Brilliant British racer Tai Woffinden breathed a huge sigh of relief after clinching speedway’s ultimate prize on Saturday.
The Wolverhampton man won his second race in the Grand Prix of Poland in Torun – and with home hero Jarek Hampel relegated to third, it was enough for Woffinden to secure the world championship. The 23-year-old fulfilled a lifelong dream on an unforgettable night as he became the first Briton to take the crown since Mark Loram in 2000.
Despite breaking his collarbone for the second time this year just a fortnight ago, Woffinden entered the Marian Rose Motoarena with a 16-point lead at the top of the standings and on the brink of glory.
With a potentially nervy evening in prospect, the Scunthorpe-born racer quickly dispelled any doubts – wrapping up the title in fine style with a decisive swoop around title challenger Jarek Hampel in just the fifth race of the night.
The win sparked jubilant scenes in the capacity crowd and he was congratulated by several of his colleagues as he exited the track.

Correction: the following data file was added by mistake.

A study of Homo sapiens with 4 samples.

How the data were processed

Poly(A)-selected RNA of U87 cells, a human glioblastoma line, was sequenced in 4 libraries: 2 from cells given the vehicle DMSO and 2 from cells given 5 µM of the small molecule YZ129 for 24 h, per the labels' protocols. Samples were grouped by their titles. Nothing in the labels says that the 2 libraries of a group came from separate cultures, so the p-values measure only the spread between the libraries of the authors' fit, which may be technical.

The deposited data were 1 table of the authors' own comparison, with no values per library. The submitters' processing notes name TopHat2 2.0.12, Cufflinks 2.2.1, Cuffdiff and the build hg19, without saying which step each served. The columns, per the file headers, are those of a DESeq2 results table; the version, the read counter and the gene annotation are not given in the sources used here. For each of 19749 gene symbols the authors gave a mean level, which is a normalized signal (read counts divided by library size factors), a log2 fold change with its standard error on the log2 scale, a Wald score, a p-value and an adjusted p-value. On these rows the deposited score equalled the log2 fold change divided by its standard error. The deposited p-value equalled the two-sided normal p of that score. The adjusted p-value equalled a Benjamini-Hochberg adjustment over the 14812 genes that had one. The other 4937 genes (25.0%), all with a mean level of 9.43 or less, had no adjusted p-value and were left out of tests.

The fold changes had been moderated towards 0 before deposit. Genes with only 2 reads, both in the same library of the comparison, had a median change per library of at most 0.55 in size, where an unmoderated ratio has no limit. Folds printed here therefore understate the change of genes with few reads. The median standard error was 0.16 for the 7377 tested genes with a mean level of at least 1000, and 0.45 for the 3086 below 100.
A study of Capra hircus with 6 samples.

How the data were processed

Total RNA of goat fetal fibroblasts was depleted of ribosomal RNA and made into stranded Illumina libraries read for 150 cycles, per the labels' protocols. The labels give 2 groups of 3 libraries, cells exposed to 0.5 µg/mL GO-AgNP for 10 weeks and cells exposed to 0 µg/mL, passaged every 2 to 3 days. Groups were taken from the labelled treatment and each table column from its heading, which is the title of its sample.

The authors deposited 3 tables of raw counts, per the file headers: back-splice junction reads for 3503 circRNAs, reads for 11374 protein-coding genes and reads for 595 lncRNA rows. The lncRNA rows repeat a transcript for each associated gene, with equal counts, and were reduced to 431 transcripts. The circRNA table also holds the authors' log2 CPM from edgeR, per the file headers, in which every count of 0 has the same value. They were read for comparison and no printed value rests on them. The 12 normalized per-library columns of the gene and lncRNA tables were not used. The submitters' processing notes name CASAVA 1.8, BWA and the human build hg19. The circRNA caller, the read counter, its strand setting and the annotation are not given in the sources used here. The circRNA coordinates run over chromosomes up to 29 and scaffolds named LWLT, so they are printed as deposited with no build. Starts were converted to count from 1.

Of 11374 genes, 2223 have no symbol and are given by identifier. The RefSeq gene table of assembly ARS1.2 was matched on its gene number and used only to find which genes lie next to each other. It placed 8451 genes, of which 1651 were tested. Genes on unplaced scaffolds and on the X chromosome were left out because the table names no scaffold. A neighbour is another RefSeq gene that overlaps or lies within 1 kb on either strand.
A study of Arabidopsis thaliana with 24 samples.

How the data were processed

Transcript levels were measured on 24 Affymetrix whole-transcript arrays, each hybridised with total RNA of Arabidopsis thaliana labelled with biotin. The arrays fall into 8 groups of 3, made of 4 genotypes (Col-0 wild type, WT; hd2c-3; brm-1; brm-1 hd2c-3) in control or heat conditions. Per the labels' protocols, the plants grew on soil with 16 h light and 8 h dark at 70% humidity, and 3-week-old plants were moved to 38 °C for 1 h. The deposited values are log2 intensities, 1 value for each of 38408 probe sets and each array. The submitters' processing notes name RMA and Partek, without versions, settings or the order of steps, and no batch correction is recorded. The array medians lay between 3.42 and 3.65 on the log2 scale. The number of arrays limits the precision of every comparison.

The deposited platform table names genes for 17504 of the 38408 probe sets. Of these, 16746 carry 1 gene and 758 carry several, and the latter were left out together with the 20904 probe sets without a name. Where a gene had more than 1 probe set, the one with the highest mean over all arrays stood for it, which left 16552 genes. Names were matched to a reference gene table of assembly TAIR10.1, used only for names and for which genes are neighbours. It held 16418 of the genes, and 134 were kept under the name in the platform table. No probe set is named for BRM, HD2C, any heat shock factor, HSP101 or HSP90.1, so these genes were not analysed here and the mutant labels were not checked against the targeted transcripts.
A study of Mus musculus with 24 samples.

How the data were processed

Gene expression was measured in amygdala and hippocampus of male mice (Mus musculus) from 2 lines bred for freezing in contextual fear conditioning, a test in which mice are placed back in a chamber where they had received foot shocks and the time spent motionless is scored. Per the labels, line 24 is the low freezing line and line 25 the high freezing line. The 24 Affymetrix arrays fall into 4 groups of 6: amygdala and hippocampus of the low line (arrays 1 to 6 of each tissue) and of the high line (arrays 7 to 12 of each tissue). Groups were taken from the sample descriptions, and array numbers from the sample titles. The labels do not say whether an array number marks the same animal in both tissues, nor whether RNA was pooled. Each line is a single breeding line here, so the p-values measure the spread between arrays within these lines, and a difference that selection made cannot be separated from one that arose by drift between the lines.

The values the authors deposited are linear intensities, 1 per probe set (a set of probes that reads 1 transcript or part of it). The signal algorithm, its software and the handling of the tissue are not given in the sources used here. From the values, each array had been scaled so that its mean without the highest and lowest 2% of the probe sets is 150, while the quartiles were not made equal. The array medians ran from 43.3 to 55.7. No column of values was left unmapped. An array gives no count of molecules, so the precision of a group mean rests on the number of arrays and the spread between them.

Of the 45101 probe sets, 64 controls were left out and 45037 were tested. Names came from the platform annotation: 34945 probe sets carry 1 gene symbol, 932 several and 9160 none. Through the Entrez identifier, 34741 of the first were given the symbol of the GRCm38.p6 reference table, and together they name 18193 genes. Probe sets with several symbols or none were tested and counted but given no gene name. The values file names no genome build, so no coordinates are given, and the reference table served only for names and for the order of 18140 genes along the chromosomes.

He eventually ended the meeting on 10 points – eliminated at the semi-final stage – before being presented with the trophy as the British national anthem blasted out around the stadium.
Woffinden follows in the footsteps of Ole Olsen and Sam Ermolenko to become the third rider in Wolverhampton’s history to conquer the world and the eighth Briton to claim the accolade.
The win wraps up a fairytale year for Woffinden which has seen him defy all pre-season predictions plus two broken collarbones.
A rank 500-1 outsider at the start of the campaign after enduring a torrid baptism in the series back in 2010, he began to raise eyebrows from the outset.
Nine points at the opening GP in New Zealand gave an indication of his intent and he was consistently strong throughout the 12-meeting series.
A maiden GP victory in Prague in May strengthened his title credentials – and although he suffered injury disaster at the British Grand Prix he bounced back with a podium finish just two weeks’ later.
After continuing his strong form to take the upper hand in the title race he ended the year on 151 points following six grand final appearances.
It is the perfect end to an unprecedented season which is sure to go down in history, with Woffinden also winning his first British Final – after finishing third no fewer than four times – and topping the Elite League averages.
Yet despite Woffinden’s success, his Wolves team-mate Freddie Lindgren suffered a tough night in the final Grand Prix of the year.
The Swedish star appeared to lack speed all night as he managed just a two-point return, leaving him eleventh in the world championship standings following a frustrating year.